Integration, organized by the INTECO joint research unit in Economic Integration to be
held at the University of Valencia the next 25th and 26th of November 2021. In this
edition, our invited key speaker will be Gian María Milesi-Ferretti (Brookings
Institution-Former Deputy Director Research Department IMF). We will also have a
round-table on “post-Covid recovery and structural reforms” with the participation of
Juan Francisco Jimeno (Banco de España) and Oriol Carreras (Caixabank Research).
The COVID-19 pandemic does not allow to have large in-person events yet. Thus, the
XVIII Inteco Workshop on Economic Integration will take place on a hybrid
format through both online and onsite participation. You will receive further
details in due time.
Analogously to previous years, the workshop will consist of the presentation of working
papers in the field of economic integration, both real (international trade) and financial
(international finance). Participants will have 20 minutes to present their works and then
each paper will be briefly commented on by a discussant and open for general discussion to
the floor. Onsite presenters/discussants of accepted papers will be covered one hotel
night plus social meals.
In case you are interested in participating in the workshop, either presenting or
discussing papers, please let us know by email: [email protected] before the 30th of October.
IMPORTANT DATES:
a) 30th of October 2021: expression of interest and submission of papers.
b) 11th of November 2021: publication of the program
b) 25th and 26th of November 2021: workshop
All the information will be available on INTECO web page (http://www.inteco.uji.es).

Jeffrey Frankel, 02 May 2021

Richard Cooper, Robert Mundell, and John Williamson made important contributions on a variety of topics in international economics throughout their careers, particularly in terms of how we think about currency arrangements. This column reviews the work of all three, tracing their ideas and drawing lessons for policymakers today.

Christine Arriola, Przemyslaw Kowalski, Frank van Tongeren, 15 November 2020

The Covid-19 pandemic has left in its wake a global economy damaged beyond what was thought possible a decade ago. The globalised nature of the 21st century global economy is a key component in terms of the dynamics, and effects, of the virus. This column presents an analysis of the importance of global value chains, both during the pandemic and throughout the recovery process. The results of the study suggest that increased localisation could do more harm than good, and that the international network of interconnected supply chains remains key to producing essential goods and services.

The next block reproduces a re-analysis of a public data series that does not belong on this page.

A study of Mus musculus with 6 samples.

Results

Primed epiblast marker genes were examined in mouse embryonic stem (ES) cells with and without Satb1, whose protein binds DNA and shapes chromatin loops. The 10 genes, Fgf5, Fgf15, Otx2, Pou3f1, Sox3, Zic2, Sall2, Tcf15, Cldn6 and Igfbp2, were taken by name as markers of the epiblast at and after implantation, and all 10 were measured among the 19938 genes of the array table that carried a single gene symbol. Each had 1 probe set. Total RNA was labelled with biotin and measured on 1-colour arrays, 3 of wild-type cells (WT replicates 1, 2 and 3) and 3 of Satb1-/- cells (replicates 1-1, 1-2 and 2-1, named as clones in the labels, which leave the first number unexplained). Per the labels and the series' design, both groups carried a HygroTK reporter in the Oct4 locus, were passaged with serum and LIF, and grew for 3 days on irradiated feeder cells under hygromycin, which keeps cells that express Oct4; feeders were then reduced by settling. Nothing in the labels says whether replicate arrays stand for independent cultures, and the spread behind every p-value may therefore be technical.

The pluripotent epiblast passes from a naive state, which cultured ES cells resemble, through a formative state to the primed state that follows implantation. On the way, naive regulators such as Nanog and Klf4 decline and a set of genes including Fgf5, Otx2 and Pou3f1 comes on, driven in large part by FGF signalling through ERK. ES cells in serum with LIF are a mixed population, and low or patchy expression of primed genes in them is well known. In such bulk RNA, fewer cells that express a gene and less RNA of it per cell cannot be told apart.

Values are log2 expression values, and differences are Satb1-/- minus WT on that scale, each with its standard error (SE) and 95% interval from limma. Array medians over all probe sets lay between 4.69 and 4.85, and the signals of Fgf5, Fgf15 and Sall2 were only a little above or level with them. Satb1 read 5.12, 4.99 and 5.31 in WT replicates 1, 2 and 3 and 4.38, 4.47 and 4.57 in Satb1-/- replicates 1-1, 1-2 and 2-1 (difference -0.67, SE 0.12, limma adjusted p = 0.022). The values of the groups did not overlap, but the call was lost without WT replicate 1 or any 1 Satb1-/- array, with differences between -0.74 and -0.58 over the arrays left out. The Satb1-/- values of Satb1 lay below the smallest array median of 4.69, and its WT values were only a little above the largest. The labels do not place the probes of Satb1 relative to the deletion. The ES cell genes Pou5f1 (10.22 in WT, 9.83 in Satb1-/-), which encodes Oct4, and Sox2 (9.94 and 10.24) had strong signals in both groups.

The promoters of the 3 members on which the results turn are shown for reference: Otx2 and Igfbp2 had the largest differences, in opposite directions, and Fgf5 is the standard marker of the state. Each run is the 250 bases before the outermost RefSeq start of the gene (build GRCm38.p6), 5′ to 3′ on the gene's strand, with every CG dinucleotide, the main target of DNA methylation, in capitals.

Sebastian Edwards, 10 November 2020

While today almost every advanced nation has a flexible exchange rate regime similar to that advocated by Milton Friedman, most emerging countries continue to have ‘conventional peg’. This column draws on the historical work of Milton Friedman to examine the conditions under which he thought that flexible rates were the right system for developing countries, and when he thought that it was appropriate to have an alternative regime. 

Emine Boz, Camila Casas, Georgios Georgiadis, Gita Gopinath, Helena Le Mezo , Arnaud Mehl, Tra Nguyen, 09 October 2020

Most global trade transactions are invoiced in just a few currencies, regardless of the countries involved in the transaction. This column presents a new dataset that offers a comprehensive and up-to-date understanding of trade invoicing patterns within the major currencies. It finds that vehicle currency use has been on the rise, with dollar invoicing increasing over time despite the decline in the share of global trade accounted for by the US, and euro invoicing also rising among certain countries (typically at the expense of the dollar). 

Silvana Tenreyro, 04 September 2020

Understanding the nature of the global economy remains an important and interesting topic of discussion for both policymakers and researchers. This column presents a summary of two recent evaluations of aspects of the open economy. The author summarises work concerning global currencies and trading networks, offering insights into how the research agenda on each area may evolve over the coming years. 

• Digital currencies, fintech, and technology
• Regulation, markets, and financial intermediation
• International economics
• Macroeconomics, monetary policy, macrofinance, monetary policy frameworks, and communication
• Inflation dynamics
• Policy lessons from the history of finance and central banking
The deadline for submissions is Saturday, February 2nd.
The meeting commences on Thursday, July 18 at the FRB New York, featuring presentations by Nellie Liang and Jeremy C. Stein, and John C. Williams.
The 31 contributed sessions take place on Friday and Saturday, July 19-20 at the Kellogg Center, SIPA, Columbia University. Contributed sessions are organized by BIS, FSB, IMF, SNB, FRB St. Louis, Bank of Israel, FRB Cleveland, ECB, Riksbank, FRB San Francisco, Norges Bank, Bank of Spain, Bank of Japan, Bank of Canada, Bank of Korea, OeNB, FRB Minneapolis, Bundesbank, Central Bank of Ireland, SAFE, CEPR, ABFER, and IBRN.